The organisers of National Stationery Week published a Stationery Tour of London which sounded like a great idea to Papers Pens Poets although to do the whole tour on one day would be a bit too much for anyone – even us. The official tour takes in 18 outlets, mostly nationwide chains with a few well know emporiums thrown in. Sadly there is a lack of independent stationers so Papers Pens Poets have decided to do their own rambling tour of London taking in all sorts of retailers, big and small.
We started with one of the biggest – the Paperchase flagship store on Tottenham Court Road.
Paperchase is a familiar shop on many UK high streets. They are best known for their ranges of matching notebooks, pens and organisers. This season’s themes are Get Away – beach huts, maps and backpacking; Let’s squawk – vibrant tropical colours with parrots and Aqua Marine – bold origami crabs and fish. As well as stylish, quality products including greetings cards, wrapping paper, diaries and storage solutions.
However their Tottenham Court Road store has a whole lot more. The shop is spread across three floors. The ground floor would look familiar to any regular Paperchase shopper except on a bigger scale. This season’s themes are featured near the front of the store but they only make up a small part of the display. The rest of the floor has the full Paperchase range which is impressive. More wrapping paper, more writing paper, more birthday cards. All of them beautiful and interesting. This Paperchase has something for everyone.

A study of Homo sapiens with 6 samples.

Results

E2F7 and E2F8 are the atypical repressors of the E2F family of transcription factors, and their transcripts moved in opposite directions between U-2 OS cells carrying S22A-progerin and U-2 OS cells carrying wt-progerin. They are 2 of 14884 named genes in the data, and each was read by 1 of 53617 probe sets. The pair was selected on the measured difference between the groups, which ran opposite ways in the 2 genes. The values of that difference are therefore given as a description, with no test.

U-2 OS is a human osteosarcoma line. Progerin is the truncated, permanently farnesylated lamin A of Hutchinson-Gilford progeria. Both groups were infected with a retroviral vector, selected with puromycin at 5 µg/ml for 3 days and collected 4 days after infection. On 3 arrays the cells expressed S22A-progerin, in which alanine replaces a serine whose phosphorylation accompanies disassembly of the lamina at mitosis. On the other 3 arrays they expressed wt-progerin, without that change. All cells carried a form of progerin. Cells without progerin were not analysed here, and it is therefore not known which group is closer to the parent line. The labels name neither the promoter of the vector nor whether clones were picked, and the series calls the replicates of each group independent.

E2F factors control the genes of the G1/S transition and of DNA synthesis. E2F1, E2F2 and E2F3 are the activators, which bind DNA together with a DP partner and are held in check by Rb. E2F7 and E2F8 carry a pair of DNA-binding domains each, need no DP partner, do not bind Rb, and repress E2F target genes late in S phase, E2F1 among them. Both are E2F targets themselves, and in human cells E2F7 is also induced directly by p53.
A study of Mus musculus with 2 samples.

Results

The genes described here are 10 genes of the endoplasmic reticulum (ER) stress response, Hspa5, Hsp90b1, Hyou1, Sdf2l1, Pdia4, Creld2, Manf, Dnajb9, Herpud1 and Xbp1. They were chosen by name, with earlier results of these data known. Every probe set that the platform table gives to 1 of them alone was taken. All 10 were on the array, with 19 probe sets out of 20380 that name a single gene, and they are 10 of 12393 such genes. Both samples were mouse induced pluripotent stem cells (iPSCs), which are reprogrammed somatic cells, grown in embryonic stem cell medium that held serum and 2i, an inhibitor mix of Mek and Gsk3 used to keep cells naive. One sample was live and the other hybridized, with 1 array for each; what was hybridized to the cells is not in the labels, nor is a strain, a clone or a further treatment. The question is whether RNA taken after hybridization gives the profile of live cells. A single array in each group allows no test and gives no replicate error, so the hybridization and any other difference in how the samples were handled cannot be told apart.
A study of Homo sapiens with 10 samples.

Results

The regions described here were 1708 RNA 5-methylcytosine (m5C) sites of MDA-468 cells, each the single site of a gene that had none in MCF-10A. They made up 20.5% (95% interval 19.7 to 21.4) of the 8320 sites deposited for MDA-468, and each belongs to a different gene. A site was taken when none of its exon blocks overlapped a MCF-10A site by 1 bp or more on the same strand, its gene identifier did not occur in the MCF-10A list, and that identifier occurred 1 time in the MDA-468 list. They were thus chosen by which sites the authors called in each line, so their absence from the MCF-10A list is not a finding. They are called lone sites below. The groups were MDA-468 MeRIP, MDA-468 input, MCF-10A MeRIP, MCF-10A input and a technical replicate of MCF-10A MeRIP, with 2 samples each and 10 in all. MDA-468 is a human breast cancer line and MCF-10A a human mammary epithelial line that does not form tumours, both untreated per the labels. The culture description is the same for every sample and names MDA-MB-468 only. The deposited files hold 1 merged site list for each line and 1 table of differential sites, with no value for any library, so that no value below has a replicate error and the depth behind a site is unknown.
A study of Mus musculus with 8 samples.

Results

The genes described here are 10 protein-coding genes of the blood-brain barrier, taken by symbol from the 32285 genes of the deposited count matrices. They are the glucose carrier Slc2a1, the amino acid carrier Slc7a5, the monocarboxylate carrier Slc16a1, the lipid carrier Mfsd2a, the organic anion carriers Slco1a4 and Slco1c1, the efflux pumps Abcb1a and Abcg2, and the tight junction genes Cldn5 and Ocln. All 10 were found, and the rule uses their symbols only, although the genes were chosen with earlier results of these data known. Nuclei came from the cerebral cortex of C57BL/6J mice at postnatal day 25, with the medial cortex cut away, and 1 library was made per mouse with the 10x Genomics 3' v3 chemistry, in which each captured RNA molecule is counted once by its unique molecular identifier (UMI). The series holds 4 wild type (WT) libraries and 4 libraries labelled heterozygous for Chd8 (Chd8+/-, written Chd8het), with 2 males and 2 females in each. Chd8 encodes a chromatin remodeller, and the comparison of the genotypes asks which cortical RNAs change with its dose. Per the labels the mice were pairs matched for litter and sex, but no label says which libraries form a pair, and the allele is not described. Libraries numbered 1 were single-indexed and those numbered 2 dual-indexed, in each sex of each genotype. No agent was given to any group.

The first floor is a designer’s heaven. This features specialist suppliers that we haven’t seen in any regular Paperchase. There were pencil pockets from Pijama and cool hole punches from Danish brand Nomess and a wall display from the ultra cool Midori Japan. Our photos didn’t do justice to the amazing displays, so it would be better if you visited and saw for yourself the wondrous array of stationery on offer.
Even if you have always considered Paperchase to be twee and for teenagers, please go to the flagship store and be blown away.
Luckily there is a very nice coffee shop on the first floor and Papers Pens Poets were grateful to have a sit down and refresh themselves before heading up to the second floor.
The top floor is an art shop. It doesn’t have everything that a large Cowling and Willcox or the London Graphic Centre (shops we will be visiting soon) would stock but it does have a lot. Including a gorgeous array of coloured paper and large area for their project craft workshops.
Papers Pens Poets – the personal view
Jo – I’ve been coming to this store forever. This is where I bought my writing paper when I was at boarding school. Writing letters was the only way to communicate confidentially as mobile phones hadn’t been invented yet and the pay phones were on the ground floor of the Science Block. Your conversation would echo up the stair well for everyone to hear. This shop has got better and better over the decades and I always drop in when I am in the area. Now that my children are stationery addicts, I always visit in December to buy stocking fillers.
Anita – This was my first visit to the flagship store in London and I was in three-whole-floors of heaven. My only dilemma was where to browse first. I was particularly taken with their new for summer Get Away range. Although, the Vintage Floral range still gets my vote too. My visit would not have been complete without going to the far left of the top floor to see their sale stock. I challenge you not to buy anything.